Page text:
Mon | Dec 4, 2023

Get it right - Engineer says flawed drainage contributing to severe flooding

Published:Tuesday | May 16, 2017 | 12:00 AMEdmond Campbell
A mother carries her daughter on her back through thick vegetation and mud along a breakaway section of the Sunnyside to Guy’s Hill main road in St Catherine. She was determined to get her child to school as clean as possible and on time to sit her Caribbean Secondary Education Certificate examinations.
Acting Prime Minister Dr Horace Chang updating journalists, at Jamaica House in St Andrew yesterday, on the Government's response to the damage to the country caused by heavy rains.

As the Jamaican Government rushes to carry out a comprehensive assessment of the significant impact of heavy rains on the country's infrastructure and the agricultural sector, Carvel Stewart, past president of the Incorporated Masterbuilders Association, said it was imperative that a national drainage solution be designed to address the longstanding problem of flooding.

Stewart, a civil engineer, said he might be challenged by colleagues in the field, but noted that he was ready to defend his position that the country lacks a proper design for its drainage solutions.

"What we have are individual areas trying to address the localised drainage requirement," he told The Gleaner yesterday.

A major flaw of Jamaica's drainage system, according to Stewart, is the designing of roads to carry water.

"Don't you see what happens to the roads when the rain falls? The roads are destroyed. We don't have enough drains," he said, adding that the roads are used as drains to discharge the water in an appropriate drainage channel. However, he said in a lot of cases it ends up on land, which does not have any outlet for drainage.

"When you see the water on the various roads - the Jacks Hill Road, the Mona Road, Hope Road this morning - it's ridiculous! I can recall that some work was done on Hope Road to reduce the volume of water, but there is still a massive amount of water on it."

He said that the water should be intercepted and taken underground in pipes.

"We have been spending money on a lot of things, and apparently we love the business of repairing roads," Stewart mused.

Giving an example of a properly designed drainage system, the engineer pointed to the East-West phase of Highway 2000. He said the water runs off the roadway to the sides, immediately preventing any build-up.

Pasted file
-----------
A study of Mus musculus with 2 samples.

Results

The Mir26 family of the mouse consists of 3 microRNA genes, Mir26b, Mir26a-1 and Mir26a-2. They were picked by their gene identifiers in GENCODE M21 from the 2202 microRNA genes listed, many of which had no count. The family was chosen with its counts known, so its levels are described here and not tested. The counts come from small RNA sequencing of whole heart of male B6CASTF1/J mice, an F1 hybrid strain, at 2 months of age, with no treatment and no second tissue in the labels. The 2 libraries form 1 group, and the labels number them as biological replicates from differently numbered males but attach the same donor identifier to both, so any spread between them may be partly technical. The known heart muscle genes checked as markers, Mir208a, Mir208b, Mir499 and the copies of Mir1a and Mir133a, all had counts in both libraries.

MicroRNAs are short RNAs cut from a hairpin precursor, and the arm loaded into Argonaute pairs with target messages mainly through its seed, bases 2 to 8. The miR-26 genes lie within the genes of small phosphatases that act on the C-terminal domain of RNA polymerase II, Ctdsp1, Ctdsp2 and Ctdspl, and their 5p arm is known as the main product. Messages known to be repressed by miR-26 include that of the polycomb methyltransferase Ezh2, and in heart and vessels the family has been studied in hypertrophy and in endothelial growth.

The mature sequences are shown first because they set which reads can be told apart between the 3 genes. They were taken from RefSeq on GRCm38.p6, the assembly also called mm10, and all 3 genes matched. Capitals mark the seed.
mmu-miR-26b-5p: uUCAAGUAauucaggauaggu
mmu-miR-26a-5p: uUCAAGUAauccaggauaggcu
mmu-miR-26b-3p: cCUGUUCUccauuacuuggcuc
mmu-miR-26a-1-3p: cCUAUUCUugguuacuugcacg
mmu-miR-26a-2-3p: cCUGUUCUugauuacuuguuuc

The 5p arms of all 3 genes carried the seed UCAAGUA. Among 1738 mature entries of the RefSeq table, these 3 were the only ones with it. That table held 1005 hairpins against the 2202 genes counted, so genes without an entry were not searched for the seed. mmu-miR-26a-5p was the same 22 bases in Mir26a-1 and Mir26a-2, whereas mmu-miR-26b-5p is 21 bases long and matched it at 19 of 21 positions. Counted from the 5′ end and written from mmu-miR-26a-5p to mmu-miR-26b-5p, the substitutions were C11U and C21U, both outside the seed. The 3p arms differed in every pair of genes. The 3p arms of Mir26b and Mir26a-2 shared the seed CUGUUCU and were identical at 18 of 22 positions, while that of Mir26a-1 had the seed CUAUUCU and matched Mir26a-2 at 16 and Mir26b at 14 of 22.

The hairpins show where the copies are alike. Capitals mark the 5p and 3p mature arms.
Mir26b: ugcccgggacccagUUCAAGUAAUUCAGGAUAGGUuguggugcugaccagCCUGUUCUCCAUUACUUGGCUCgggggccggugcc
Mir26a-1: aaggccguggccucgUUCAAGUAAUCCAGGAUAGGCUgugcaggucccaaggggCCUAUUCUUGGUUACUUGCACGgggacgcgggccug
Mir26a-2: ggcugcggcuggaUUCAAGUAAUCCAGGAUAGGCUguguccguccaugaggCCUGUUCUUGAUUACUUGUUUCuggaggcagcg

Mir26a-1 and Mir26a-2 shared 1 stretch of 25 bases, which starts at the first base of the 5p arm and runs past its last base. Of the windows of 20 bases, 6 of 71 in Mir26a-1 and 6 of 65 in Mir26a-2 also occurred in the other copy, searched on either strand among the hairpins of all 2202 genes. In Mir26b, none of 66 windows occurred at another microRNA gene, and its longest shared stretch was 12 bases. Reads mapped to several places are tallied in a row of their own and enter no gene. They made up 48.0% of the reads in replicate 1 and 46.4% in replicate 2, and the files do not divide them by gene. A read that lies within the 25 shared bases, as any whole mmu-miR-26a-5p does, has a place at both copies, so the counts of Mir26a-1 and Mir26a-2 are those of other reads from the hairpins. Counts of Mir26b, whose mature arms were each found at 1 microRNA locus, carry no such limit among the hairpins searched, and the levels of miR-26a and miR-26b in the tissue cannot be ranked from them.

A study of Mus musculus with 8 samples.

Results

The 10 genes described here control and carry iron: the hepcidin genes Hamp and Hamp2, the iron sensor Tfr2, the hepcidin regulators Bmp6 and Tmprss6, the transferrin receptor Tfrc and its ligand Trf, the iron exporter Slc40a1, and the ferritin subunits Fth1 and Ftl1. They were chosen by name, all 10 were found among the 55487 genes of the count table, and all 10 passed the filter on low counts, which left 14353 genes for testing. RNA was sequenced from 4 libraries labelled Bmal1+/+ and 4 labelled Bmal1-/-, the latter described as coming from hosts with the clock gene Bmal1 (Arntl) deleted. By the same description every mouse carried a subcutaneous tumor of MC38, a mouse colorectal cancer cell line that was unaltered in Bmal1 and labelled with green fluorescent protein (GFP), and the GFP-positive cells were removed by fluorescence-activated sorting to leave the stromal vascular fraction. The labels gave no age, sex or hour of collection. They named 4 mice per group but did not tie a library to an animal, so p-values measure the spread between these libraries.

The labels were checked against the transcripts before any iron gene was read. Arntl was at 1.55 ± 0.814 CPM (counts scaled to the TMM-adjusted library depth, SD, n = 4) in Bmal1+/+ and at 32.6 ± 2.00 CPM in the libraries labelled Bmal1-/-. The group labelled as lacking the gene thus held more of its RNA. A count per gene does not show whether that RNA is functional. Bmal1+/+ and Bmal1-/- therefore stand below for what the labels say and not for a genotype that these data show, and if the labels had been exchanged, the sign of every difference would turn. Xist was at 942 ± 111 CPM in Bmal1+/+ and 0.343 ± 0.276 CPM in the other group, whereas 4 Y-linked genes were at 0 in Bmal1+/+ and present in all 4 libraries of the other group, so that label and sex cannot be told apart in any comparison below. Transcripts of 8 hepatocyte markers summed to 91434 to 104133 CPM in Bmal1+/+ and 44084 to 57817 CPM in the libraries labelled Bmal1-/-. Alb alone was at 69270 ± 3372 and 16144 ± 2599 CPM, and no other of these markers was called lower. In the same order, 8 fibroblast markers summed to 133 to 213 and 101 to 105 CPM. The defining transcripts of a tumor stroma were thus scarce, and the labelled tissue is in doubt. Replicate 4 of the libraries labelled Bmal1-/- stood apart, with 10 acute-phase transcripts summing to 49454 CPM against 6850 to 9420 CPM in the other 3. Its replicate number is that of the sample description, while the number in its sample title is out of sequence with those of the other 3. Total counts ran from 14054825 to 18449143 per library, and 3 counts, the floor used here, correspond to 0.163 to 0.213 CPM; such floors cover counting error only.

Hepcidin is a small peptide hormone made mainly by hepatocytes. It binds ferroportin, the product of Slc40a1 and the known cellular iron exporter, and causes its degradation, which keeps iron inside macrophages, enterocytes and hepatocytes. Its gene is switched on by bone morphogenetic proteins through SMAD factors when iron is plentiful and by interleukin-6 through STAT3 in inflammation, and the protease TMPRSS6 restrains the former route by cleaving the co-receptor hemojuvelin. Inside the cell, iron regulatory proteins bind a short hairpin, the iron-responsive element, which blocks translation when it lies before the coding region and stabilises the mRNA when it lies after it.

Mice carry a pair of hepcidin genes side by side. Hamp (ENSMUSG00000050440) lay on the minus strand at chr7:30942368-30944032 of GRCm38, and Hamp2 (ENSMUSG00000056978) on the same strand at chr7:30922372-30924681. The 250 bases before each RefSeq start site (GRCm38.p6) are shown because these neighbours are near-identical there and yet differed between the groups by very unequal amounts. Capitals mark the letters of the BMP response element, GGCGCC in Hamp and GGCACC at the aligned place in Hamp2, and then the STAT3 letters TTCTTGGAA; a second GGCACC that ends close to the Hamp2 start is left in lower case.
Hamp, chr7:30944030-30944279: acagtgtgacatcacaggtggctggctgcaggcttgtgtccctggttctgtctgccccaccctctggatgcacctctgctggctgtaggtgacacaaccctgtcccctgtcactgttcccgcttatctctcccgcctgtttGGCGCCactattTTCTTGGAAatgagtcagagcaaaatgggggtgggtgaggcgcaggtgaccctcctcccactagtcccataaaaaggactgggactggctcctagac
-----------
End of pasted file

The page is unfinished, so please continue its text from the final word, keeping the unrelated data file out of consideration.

He argued that with a small country like Jamaica, computer technology could be used to come up with a model showing the different intensity of rainfall "and then come up with an overall design" in relation to an effective drainage system.

While acknowledging that this undertaking would be expensive, Stewart suggested that construction could be done on an ongoing basis.

He reasoned that when developers are in the process of developing a tract of land before it is approved by the various regulatory bodies, such a plan would have to conform to the national (drainage) design so that it discharges into the eventual final solution.




Addressing journalists yesterday at a press conference at Jamaica House, Dr Horace Chang, who was acting in the role of prime minister, said this week's heavy rainfall has dealt a severe blow to infrastructure, farmlands and agricultural crops. In addition, Chang said that communities have been flooded, and bridges and roads washed away. There were also landslides and residents were marooned in some communities.

Clarendon has received the brunt of the weather system, leaving a trail of devastation in the parish.

The Office of Disaster Preparedness and Emergency Management has activated the National Emergency Operation Centre at Level Two, as the country braces for more rains going into tomorrow because of a trough across the Caribbean that is affecting weather conditions in the island.

Prime Minister Andrew Holness, who has cut short a visit to the Dominican Republic, was expected to return to the country last night and will today tour areas most impacted by the torrential rains.